Heat, Cold & Your Electronic Cigarette Battery

Why Extreme Temperatures Aren’t A Good Thing For Your eCig Batteries


The battery is a very important factor to your vaping lifestyle, without it all you would have is a metal tube with some wiring components. It is what provides the power to heat the coil in your setup, which then vaporizes your favorite eliquid flavor for you to enjoy.


The majority of the batteries used in electronic cigarettes are lithium ion and in order for them to perform optimally you should handle them with care and protect them from extreme temperatures and moisture. Ideally your ecig batteries should never be kept in temperatures that dip under 14°F (-10°C) or in heat that is above 86°F (30°C).


Going above or below these temperature ranges will open your batteries up as a host to several issues. This can range from lessened performance, not charging completely, to the battery itself completely failing.



Batteries & Heat


Never, ever leave your ecigarette batteries in a hot car. Heat and your ecig batteries do not make a good pair, this should be a given. Heat is a battery killer and you should avoid leaving your batteries in your car during summer months. Even though it may only be 80°F (27°C) outside, the inside of your car especially if it is not parked in the shade can easily reach 100°F (38°C).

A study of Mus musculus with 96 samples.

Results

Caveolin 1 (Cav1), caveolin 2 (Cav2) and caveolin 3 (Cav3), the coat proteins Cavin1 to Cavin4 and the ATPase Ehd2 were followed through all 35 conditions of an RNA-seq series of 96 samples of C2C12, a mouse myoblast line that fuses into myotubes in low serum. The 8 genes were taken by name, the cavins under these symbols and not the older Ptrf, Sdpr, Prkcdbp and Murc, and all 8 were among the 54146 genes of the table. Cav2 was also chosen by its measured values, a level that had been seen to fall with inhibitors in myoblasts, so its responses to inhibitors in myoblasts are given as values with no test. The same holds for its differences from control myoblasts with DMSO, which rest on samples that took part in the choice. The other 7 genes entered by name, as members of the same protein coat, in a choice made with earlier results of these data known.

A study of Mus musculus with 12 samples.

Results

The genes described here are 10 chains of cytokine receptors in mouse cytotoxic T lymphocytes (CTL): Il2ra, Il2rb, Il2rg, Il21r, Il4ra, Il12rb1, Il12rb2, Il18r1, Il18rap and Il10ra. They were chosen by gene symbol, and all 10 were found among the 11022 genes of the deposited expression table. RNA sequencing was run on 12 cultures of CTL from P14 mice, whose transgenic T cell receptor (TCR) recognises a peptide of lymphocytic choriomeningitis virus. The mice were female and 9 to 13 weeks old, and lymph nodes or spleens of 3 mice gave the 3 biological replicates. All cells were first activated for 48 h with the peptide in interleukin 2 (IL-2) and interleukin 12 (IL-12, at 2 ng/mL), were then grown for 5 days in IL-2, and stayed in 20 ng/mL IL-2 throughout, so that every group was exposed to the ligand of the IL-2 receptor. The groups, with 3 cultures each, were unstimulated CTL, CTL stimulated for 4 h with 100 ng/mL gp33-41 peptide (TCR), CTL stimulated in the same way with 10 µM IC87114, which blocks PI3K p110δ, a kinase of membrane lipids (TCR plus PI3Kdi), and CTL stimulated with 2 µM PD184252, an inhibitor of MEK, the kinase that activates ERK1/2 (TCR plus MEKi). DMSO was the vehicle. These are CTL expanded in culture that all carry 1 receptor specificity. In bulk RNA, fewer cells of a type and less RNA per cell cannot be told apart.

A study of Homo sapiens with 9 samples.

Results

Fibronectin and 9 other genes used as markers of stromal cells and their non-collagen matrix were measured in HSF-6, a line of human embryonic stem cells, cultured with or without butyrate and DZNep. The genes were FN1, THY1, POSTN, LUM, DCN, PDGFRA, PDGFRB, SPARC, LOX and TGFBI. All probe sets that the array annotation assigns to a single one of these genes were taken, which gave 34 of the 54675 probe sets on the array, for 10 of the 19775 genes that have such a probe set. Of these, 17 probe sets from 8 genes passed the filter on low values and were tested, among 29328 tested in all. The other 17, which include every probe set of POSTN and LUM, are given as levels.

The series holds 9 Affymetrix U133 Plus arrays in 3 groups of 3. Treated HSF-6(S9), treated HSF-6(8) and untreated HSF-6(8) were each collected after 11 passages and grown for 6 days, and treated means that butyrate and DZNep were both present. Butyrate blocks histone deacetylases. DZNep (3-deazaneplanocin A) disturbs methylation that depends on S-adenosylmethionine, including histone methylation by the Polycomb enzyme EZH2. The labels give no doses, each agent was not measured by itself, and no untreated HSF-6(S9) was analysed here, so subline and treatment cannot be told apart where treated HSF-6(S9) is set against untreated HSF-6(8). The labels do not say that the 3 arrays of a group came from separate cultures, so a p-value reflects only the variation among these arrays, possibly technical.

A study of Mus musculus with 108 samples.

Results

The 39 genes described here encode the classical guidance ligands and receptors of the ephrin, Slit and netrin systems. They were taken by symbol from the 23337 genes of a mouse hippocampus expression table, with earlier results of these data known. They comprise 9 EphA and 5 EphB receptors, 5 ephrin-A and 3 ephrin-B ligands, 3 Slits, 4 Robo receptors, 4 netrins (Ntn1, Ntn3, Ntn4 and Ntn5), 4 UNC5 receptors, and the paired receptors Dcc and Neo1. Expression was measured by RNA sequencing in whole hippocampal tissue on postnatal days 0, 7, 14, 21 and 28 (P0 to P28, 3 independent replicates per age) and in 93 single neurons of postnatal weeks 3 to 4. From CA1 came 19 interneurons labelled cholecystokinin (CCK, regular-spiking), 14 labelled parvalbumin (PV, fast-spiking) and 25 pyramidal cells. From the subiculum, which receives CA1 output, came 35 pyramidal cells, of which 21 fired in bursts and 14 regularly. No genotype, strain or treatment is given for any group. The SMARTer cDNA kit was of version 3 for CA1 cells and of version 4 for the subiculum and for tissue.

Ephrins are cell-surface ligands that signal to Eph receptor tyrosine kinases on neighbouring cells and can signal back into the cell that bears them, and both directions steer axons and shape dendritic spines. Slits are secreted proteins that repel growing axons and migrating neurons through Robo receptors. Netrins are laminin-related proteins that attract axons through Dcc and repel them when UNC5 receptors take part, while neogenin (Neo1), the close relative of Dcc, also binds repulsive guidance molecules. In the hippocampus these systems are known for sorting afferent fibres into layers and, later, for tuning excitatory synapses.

Once a battery is damaged by heat its capacity cannot be restored and its life will be dramatically shortened. This is because heat causes the battery fluids to evaporate which damages the internal structure of the battery. It will also set you up for the possibility of battery failure down the road if you continue to use a heat-damaged battery.


The most common cause of battery failures (not just for your ecigs) is overheating. Here are a few signs that your battery is to the point of overheating:


-       Expanded body

-       Bulging or bubbles in casing

-       Signs of melting

-       Sparks

-       Venting

-       You can hear a whining noise

-       Other visible signs of damage to its body / wrappings


At any point if any of your batteries exhibits the above-mentioned signs you must stop using that battery immediately and dispose of it properly, learn how to do so here.


Batteries & Cold


Batteries don’t like the cold either, so keep this in mind during the winter months. The experts over at Battery University describe in great detail how extreme cold can impact battery life. The lower the temperature drops away from room temperature (which is recommended by Battery University, Duracell & Energizer as the optimal operating temperature for a battery), the greater the battery’s resistance.


This means that in temperatures below 14°F (-10°C) your battery will drain in about half the time. Basically, a battery that would output 100% of power at the ideal temperature of 70-80°F / 21-26°C (low resistance) will only have 50% output at freezing temperatures (32°F / 0°C with high resistance). When there is higher resistance being placed on a battery, the harder the energy has to work in order to pass through the conductor.


When facing cold weather it is best if you do not leave your batteries in your car overnight, as explained above this will diminish its ability to hold a charge and it will also only deliver half as much power as it normally would. It will happen that you forget and leave your batteries in a cold car, when this occurs just bring the batteries into your house and let them sit for at least 30 minutes to allow them to get back to room temperature to bring back their ability for optimal performance.